1. Owner Information: In order to file a dog injury lawsuit, you need to know who owns the dog. If the owner is not present, you can ask nearby property owners if they recognize the dog. Once you have found the owner, you need the contact information for them and their insurance company, if they have one. 
  2. Police Reports: It may be necessary to call 911 after a dog attack if your injuries are severe or you believe that the dog may be a danger to others. If police or animal control are dispatched to the scene, they will create a report on the incident and the action that they took. You can obtain a copy of that report as evidence of the details of the attack.
  3. Witness Accounts: You should talk to anyone who may have seen the dog attack and ask them to provide testimony during your case. A witness could tell what happened during the attack and refute a claim that you provoked the dog.
  4. Physical Evidence: Having the presence of mind to document and save physical evidence of the attack will be useful during a lawsuit. Have someone take pictures of your injuries, including bite marks. Save clothing that was torn during the attack.
  5. Doctor’s Reports: You should seek medical attention after a dog attack to treat your injuries and check for other injuries that you may not have noticed. Your doctor’s report will establish the extent of your injuries and how they are related to the dog attack.

Contact a McHenry County Personal Injury Attorney

You have two years after your dog attack incident to file a personal injury lawsuit against the owner, but it can be helpful to start the process well before then. A Crystal Lake, Illinois, personal injury lawyer at Botto Gilbert Lancaster, PC, can explain how much compensation you may be able to receive in your case. Schedule a free consultation by calling 815-338-3838.


Expungement vs. Pardon

The terms “pardon” and “expungement” are being used interchangeably when talking about the Illinois marijuana law, but the two actions are different:

  • A pardon is an executive order to forgive someone for a crime.
  • An expungement is removing an arrest or conviction from someone’s criminal record.

Receiving a pardon is one way to become eligible for expungement. Another would be a court order to vacate a conviction. Expungement is a superior outcome as opposed to sealing a criminal record, which is what most criminal convictions in Illinois are limited to. Sealing limits who can see a conviction on a criminal record, while expungement treats the conviction like it never happened.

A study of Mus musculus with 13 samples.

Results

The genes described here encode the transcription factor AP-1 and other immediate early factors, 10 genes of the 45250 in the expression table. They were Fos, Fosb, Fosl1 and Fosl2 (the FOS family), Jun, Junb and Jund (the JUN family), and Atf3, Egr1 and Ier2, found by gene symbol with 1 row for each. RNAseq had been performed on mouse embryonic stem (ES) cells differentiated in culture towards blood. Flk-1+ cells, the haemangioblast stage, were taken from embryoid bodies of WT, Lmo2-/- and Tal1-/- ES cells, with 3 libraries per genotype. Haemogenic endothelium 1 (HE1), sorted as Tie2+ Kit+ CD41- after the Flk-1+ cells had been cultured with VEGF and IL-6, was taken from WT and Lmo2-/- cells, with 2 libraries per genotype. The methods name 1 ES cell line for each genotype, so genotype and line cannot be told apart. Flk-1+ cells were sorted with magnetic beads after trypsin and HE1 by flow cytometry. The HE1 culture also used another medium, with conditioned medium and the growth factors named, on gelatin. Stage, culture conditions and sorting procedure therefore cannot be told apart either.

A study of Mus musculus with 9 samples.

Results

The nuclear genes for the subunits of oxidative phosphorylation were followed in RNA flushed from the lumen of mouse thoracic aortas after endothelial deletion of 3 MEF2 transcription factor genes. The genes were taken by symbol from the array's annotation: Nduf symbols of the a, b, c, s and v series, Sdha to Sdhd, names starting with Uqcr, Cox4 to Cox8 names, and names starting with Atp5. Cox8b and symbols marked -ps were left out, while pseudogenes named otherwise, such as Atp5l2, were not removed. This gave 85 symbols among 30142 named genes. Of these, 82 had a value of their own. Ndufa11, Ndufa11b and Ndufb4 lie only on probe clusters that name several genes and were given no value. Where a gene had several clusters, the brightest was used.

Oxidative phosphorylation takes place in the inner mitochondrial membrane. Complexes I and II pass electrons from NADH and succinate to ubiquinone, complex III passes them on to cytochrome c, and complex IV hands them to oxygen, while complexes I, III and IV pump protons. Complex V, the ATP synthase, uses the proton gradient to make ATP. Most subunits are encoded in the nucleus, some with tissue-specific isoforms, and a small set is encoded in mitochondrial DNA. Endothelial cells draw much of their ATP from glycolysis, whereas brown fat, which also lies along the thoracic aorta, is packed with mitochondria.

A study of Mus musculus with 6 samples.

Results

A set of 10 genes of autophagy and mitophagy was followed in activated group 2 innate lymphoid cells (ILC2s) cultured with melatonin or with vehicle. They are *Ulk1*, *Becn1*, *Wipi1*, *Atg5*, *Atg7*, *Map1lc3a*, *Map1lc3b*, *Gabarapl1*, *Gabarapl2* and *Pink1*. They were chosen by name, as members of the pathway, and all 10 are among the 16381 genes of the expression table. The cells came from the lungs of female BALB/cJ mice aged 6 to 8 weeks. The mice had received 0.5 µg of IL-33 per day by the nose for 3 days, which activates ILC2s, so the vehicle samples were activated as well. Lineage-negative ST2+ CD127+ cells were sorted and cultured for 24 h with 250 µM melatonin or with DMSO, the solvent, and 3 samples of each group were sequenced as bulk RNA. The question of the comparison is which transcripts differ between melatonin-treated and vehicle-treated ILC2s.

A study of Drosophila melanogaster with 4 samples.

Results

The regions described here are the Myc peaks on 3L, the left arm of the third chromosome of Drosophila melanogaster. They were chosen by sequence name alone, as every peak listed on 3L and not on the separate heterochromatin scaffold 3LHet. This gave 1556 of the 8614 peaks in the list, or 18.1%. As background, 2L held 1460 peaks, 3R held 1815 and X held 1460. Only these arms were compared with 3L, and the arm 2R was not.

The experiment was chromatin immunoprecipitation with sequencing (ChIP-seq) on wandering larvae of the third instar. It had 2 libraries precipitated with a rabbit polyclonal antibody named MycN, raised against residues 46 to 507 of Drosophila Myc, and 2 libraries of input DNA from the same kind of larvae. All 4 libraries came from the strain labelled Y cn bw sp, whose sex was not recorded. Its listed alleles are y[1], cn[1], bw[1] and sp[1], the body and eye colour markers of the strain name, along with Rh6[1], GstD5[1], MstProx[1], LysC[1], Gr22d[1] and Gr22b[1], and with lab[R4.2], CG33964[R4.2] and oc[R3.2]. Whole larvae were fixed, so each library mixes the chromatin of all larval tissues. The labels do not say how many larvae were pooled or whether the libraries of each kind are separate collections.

Reasoning

Before trying to force the sale of your marital home, you should consider why your spouse is objecting to the sale. They may have a good reason for not wanting to sell the house or wanting to wait before moving forward with the sale:

  • They may want to settle other financial issues related to the divorce so they will know whether they can still afford the marital home.
  • They may be trying to avoid uprooting your children during the school year.
  • They may have a personal connection to the house if it belonged to a relative.
  • They may believe that you need to make renovations to the home before selling it.
  • They may believe that the housing market will become more favorable if you wait.

Your spouse may also try to prevent the sale for impractical reasons, such as wanting to delay having to move out or being spiteful towards you.


Cold Stress Injuries

As your body temperature drops when you are continuously cold, your body will work to warm itself. Your body prioritizes keeps your organs warm and functioning, which means that your extremities receive less blood flow and are at greater risk of cold stress conditions such as frostbite and hypothermia. Frostbite is the freezing of the skin and tissue, which can cause neuropathy in or require the amputation of:

  • Fingers
  • Toes
  • Hands
  • Feet
  • Ears
  • Nose

Trenchfoot is a less severe form of frostbite that can cause blistering and an itching or burning sensation. Hypothermia is an extreme drop in body temperature that can be fatal if not treated. The long-term effects of hypothermia can cause stress to the heart, which is particularly serious for people with pre-existing heart conditions.


Signs of Aggression

Drivers who are experiencing road rage will often travel at high speeds and show little regard for the safety of others. Aggressive driving behavior may include:

  • Tailgating, which is following a vehicle too closely
  • Excessive use of the car horn
  • Weaving through traffic
  • Cutting off other drivers
  • Obscene or threatening gestures and language

In extreme cases of road rage, the driver may target someone and attempt to cause them harm, such as using a weapon or exiting their vehicle with the intent to start a fight.